The purpose of this thread is to continue the conversation from the Virtual User Group on the topic of Change Management on August 25, 2020.
Many thanks to everyone who attended. Special thanks to @Leigh Burger‚ for dropping some serious neuroscience knowledge!
A PDF of the presentation is attached to this discussion, and you can watch the recording here.
If you have any outstanding questions OR want to share the best thing you learned from the session, leave a comment below. (Pro Tip: “Like” this thread to be notified as people reply.)
You can find the schedule for all upcoming User Groups on the Events page on Workfront One (one.workfront.com/events).
Thanks again. If you have any feedback (good or bad), please don’t hesitate to reach out. You can leave a comment below, direct message me here on Workfront One, or send an email to firstname.lastname@example.org.
Thanks so much your your willingness to share this @Anthony Imgrund‚! Your experience, your approach, and your enthusiasm made our breakout group "hum" today!
Hi all - as promised, here is a link to the recording of today’s session on Change Management. This is definitely one you'll want to watch if you missed it! I know I'll be keeping it handy to share with folks as well.
@Leigh Burger‚ Hi, Leigh. Thanks again for the presentation today. Here is a question for you (or for anyone else on this string). Do you have any suggestions for dealing with a stakeholder who is resisting strongly and vocally to the change? I totally appreciated your note to not take it personally since they are not being malicious but instead responding to the fear of change on a subconscious level. But wondering if you have any recommendations--besides repeated messaging--for working with someone who is resisting and doing it loudly, possibly affecting others openness to change. Thanks!
Hi @Carol Majewski‚! Thank yo so much for reaching out and happy to try and address this.
Resistance to change is tough. When I have someone being vocal, I feel like they are (generally speaking) processing their fear. Their brain is screaming (for whatever reason) ALERT! ALERT! STAY CLEAR! This also usually puts them in a position to not be able to clearly articulate what their actual concern is. They need and want to be seen and heard and someone witness their fear and angst. I get it. It's a fundamental human need and so we try to address as best we can.
When they're in that mode, it's best to just be a reassuring voice and don't try to "solve' anything until you're able to get clarity on what it is exactly that's driving them to be so loud and vocal.
Best case scenario - you're able to slowly (it might take meeting a few times) work with the person and get that clarity. It's important in these conversations, you allow them to air as much as you can and just really listen and validate and seek to understand. That's always your best tool for allowing them move to past the emotion to a more logical place. Then, as you feel you can, try to narrow in on what it is exactly that's hindering them from wanting to get on board. Sometimes the process of seeking clarity can be uncomfortable b/c the person slowly realizes that they don't have a "real" business concern. Rather, they're just feeling out of sorts about the change itself. Which is completely normal and ok and worth exploration in and of itself. Sometimes, we just need a space to talk about how the enormous amount of change is impacting us.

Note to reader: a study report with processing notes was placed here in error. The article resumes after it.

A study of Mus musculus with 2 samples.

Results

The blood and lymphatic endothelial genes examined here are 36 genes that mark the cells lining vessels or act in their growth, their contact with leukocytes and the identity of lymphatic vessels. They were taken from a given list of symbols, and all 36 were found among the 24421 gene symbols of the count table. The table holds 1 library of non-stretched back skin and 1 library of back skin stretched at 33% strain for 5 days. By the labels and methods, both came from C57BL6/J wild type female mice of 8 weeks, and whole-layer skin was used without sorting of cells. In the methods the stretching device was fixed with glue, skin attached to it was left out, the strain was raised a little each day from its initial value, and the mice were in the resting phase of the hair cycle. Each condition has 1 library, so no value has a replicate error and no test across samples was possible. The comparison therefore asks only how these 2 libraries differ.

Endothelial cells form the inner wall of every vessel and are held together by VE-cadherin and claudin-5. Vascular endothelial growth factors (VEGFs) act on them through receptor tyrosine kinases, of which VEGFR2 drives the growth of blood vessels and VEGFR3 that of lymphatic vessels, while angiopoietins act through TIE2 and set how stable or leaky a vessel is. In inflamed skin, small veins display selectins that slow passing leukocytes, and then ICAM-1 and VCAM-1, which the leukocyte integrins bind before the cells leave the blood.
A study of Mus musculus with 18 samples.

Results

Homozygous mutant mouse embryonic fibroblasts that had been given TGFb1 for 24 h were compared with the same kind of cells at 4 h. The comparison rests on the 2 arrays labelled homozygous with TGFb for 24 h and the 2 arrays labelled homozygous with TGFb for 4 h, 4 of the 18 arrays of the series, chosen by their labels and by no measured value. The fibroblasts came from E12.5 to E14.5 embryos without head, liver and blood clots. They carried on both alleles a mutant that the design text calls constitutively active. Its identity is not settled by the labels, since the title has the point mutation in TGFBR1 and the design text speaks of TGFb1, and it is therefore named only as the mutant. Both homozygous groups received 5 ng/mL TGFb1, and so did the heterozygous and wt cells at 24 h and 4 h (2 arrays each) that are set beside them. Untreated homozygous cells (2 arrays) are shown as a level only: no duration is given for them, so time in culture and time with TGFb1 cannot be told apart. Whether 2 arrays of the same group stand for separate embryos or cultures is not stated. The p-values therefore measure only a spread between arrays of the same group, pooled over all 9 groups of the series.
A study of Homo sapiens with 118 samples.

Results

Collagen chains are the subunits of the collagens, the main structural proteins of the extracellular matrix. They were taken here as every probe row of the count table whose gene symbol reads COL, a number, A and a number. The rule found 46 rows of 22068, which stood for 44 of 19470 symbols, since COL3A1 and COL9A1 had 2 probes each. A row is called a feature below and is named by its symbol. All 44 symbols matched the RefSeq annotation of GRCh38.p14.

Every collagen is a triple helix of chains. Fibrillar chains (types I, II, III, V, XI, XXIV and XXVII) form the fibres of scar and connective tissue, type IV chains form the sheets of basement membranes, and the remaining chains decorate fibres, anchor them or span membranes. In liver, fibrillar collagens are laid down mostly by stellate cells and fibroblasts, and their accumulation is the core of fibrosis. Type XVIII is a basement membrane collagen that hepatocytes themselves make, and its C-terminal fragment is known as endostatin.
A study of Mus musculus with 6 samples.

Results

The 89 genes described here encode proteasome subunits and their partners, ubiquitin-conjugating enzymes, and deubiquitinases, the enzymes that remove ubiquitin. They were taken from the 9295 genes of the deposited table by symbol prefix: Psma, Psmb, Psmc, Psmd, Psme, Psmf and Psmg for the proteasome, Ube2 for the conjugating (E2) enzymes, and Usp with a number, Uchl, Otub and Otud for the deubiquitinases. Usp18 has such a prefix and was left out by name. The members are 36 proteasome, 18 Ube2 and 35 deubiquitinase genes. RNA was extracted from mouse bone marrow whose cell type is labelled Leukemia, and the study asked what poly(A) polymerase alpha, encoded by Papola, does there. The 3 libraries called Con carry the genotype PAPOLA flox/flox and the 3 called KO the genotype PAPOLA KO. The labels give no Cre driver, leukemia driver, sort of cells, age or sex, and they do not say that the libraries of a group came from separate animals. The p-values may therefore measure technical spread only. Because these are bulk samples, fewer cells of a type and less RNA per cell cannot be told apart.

I also think in these one on one settings, after you've laid a foundation for trust and understanding, to ask - what's it going to take to get you on board? Use this with caution, though - you know the person and trust your gut instincts if this is a good play or not. But sometimes, folks will just straight up tell you and you're able to form an ally b/c you're willing to go to work for what they want/ need. Even if you can't actually make it happen.
I'm curious - is the person generally loud and vocal or has been in the past? Or perhaps it's the COVID situation that's rocked their foundation so they're already on high alert and another change rolling to them feels really scary.
Let me know your thoughts! Hope this helps!
Thanks, Leigh. Your response is really helpful and has given me ideas for next steps. FYI, the person has been loud and vocal in the past but wondering if working in these times has made her more overwhelmed with change--which is totally understandable.
I will meet with her 1:1 instead of in a group so that she can air out her concerns without influencing the team. And if there is something I can do to get her on board and gain her trust it will be worth it. Thanks again. I'll let you know how it goes.
Carol - when someone (especially an executive or Agency Admin) is resisting to change, I ask them for specific things that they don't like instead of a general, I don't like it (or it won't work). Once you have the specifics, you can 1) let Workfront Product know, and 2) do a pros and cons list.
It also might help you to go through the current problems the process has and see what their thoughts are on it. Once they verbalize the other possibilities, it might set off the light bulb in their head that "Oh yeah, Carol's way is the better way." Kind of gives them a chance to "up think" out of the lizard brain Leigh was talking about.
Thanks, Anthony. That makes a lot of sense to get her to give specifics that I can respond to or solve. I like the idea to plot out the process with her and add pros and cons as we go. Hopefully, she'll see that the pros outweigh the cons.